The Digital Promise Must Include Virtual and Real-time Learning Places

I live near the Washington Mall, where there are so many museums and learning places. I am also a short distance from the National Geographic Building, the NEA building and the headquarters of so many teacher organizations. I worry about the people who do not have access to the resources that I have. Even in this area, there are people who have never been down to the mall or any building in the Smithsonian. The last classroom job I had was teaching a school full of immigrants. Some of them cried when I took them on a field trip to Washington, D.C. They had never, NEVER been there.

Of course, my principal was not that keen on “wasting” educational time to take students to other learning places. So one of the things that we can do with the digital promise is to at least introduce students to museums and learning places. The Exploratorium is a wonderful place to visit online. They promise a lot and deliver.

Then there is this. Most of my students will not visit the Sistine Chapel anytime in the foreseeable future, but that doesn’t mean they can’t explore the place. Even when you go, there is too much to take in without preparation. And reflection is needed. However, through the web, you can re-visit the chapel.

Bonnie with her students at the Smithsonian National Air and Space Museum, learning about GIS and space photography.

A museum or learning place is lots of things that a classroom is not, and there are resources to touch, look at and be involved in. At the Smithsonian National Air and Space Museum, we could get pixellated to learn about how GIS (geographic information system) and space photography work (click the image above for more photos), or we could work in a weather station, use GPS to see the world in many ways and then go do an exhibit called The Power of Ten that is a math application. This was a summer camp group that I taught, and the museum allowed me to open their minds to so much.

My thoughts about thinking in the digital age are that there is so much that is graphic in nature, that is of the media, that is a kind of thinking that can be expansive, beyond the book, the teacher’s voice, and that is a combination of learning as described in Bloom’s digital taxonomy map (Andrew Churches, “Bloom’s Taxonomy Blooms Digitally,” Tech & Learning, 4.1.08). The idea of learning becomes expansive.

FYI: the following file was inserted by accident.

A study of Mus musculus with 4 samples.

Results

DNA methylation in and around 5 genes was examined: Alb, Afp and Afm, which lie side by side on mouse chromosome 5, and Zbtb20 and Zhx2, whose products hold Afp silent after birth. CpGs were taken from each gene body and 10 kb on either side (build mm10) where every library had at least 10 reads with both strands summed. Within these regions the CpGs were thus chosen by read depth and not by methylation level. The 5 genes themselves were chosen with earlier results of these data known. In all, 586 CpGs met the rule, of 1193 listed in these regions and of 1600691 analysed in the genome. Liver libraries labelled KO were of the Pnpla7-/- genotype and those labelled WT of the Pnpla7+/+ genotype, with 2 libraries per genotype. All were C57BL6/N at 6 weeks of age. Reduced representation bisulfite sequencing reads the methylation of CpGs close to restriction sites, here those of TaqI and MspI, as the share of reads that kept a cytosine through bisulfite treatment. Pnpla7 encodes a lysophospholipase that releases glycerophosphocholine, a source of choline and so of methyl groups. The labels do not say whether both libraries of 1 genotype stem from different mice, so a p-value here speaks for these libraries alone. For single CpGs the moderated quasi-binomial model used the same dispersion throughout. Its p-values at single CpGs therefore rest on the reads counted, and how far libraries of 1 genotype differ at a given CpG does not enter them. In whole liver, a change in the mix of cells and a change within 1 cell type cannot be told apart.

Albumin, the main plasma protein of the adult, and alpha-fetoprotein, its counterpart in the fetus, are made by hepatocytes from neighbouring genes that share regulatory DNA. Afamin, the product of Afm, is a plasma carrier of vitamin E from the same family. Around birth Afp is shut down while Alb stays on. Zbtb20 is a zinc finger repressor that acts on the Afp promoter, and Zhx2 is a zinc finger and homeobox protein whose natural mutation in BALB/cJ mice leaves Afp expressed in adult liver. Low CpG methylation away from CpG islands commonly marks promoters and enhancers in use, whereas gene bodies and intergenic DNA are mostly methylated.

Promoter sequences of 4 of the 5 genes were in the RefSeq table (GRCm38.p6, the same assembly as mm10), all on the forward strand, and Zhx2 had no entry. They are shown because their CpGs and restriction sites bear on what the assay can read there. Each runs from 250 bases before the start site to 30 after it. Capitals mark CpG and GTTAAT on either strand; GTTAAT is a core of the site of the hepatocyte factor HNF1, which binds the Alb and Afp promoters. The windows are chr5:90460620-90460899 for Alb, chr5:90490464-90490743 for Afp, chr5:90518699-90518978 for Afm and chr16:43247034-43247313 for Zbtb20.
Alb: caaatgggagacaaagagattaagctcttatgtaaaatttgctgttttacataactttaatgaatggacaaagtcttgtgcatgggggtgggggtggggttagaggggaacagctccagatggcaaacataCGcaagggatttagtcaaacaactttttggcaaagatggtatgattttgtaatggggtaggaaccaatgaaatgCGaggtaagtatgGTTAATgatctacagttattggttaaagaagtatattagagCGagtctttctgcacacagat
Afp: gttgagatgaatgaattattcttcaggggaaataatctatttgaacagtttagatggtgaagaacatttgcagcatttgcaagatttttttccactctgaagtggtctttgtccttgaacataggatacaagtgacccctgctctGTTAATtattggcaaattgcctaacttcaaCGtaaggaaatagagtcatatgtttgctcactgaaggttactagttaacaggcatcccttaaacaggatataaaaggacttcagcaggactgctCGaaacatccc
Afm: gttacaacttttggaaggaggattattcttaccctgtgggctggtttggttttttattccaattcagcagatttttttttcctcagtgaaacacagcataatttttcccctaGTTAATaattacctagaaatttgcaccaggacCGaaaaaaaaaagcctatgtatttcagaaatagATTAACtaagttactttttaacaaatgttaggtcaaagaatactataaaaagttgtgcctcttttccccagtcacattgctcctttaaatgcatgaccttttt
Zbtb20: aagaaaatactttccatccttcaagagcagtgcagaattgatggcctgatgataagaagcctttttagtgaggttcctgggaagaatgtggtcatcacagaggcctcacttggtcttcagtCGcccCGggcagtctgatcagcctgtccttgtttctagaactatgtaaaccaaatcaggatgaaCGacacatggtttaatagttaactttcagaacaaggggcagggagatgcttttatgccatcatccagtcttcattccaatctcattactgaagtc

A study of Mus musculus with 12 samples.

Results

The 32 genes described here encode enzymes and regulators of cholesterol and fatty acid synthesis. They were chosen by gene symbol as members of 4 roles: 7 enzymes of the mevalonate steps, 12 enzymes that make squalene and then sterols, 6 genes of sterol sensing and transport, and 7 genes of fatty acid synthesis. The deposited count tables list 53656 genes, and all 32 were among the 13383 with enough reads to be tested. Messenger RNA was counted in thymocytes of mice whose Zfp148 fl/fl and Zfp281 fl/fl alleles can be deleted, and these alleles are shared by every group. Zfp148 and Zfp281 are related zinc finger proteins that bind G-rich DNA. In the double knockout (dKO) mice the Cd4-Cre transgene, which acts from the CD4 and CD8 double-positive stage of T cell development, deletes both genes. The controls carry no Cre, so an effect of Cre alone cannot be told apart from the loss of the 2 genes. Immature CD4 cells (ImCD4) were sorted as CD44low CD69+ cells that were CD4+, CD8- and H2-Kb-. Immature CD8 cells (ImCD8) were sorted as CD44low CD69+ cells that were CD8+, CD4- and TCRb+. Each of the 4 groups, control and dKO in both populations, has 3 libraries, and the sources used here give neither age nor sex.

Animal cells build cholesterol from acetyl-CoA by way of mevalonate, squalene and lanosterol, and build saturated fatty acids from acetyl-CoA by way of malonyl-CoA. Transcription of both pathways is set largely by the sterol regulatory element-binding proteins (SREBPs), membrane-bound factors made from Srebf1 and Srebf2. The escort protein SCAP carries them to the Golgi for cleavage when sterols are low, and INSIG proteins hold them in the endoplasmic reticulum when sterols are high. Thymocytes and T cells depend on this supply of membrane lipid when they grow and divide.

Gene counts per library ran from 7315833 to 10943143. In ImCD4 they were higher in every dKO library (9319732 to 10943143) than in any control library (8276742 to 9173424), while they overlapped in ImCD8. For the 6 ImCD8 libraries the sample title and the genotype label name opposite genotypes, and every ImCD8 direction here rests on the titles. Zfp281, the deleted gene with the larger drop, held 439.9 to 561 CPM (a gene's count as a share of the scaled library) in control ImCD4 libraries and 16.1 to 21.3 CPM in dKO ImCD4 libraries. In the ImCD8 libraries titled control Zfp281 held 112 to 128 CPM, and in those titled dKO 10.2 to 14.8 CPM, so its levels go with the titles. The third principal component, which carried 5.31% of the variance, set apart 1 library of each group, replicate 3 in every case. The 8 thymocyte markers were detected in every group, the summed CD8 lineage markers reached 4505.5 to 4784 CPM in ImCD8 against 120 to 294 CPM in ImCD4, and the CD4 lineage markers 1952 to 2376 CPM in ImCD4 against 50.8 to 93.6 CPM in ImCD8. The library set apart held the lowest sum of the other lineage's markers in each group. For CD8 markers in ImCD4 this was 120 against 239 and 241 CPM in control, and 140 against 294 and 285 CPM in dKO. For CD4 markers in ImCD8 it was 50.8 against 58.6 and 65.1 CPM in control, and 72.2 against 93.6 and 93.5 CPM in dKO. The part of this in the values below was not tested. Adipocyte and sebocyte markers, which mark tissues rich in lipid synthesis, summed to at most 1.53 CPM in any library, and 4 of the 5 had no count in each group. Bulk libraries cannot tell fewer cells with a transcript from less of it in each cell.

We could also use a more simplified set of ideas to probe thinking in the digital age, e.g., TPACK. Lisa Nielsen, in “Using TPACK As a Framework for Tech PD, Integration and Assessment,” says that “the TPACK model was created in response to the need to provide a framework around the important pieces of innovating learning with a focus on Technology, Pedagogy, and Content Knowledge. The overlap of these three components is where the 21st Century classroom is most powerful” (The Innovative Educator, 3.28.11). Also see Glen Bull and Lynn Bell’s “TPACK: A Framework for the CITE Journal” (Contemporary Issues in Technology and Teacher Education, 9.1.09).

I feel like, as a GT teacher, I intuitively knew this. But it is nice to see it framed out. When people talk to me about “STEAM” I just laugh because this and Bloom put me in a Da Vinci State of Mind. (STEM used to be SMET, back in the day, and STEAM is the new acronym for STEM with the arts added in. It is not in Wikipedia or anything yet, last I looked, but STEAM is just a push to include the arts in STEM.) Museums have always done that to me. I used to skip church and hop a bus to the mall and look and learn and synch up with the real world of knowledge.

From the Museum of Women’s History (10.1.11) comes the thought that “there is consensus among experts that museums are inexorably — albeit slowly — moving into the brave new virtual world.” The reference is to an article by Jason Edward Kaufman, “Visiting the Museum? There’s an App for That” (Washington Post, 9.30.11). With this move, some types of online learning will be complete. However, I think that there will always be a need for some element of learning to be face to face, too.

One Response

  1. Bonnie has done a great job of making people aware of some excellent resources, so let me commend her for also leading the way you think about those resources. She didn’t talk about what GPS is, she talked about how it works. The Exploratorium is all about how things work. But let’s take a closer look at the Sistine Chapel. Let’s not focus on who painted it, what it is, when it was built, or where it is located. Instead, as Bonnie suggests, let’s focus on why and how it was built. Admit it, you can answer the first four questions, but you probably never thought about the how and why. The how reveals some remarkable STEM accomplishments for the era. The why leads to a deeper understanding of the existence of cathedrals all over Europe. On the STEM to STEAM issue, some STEM bigots push back and say we STEM people have a big enough challenge promoting STEM. Why should we help those Arts people? The answer is simple – they are us. The arts are all about creativity and innovation – thinking out of the box, trying new things, pushing the limits. So, once again, Thanks you Bonnie for your leadership and visionary thinking.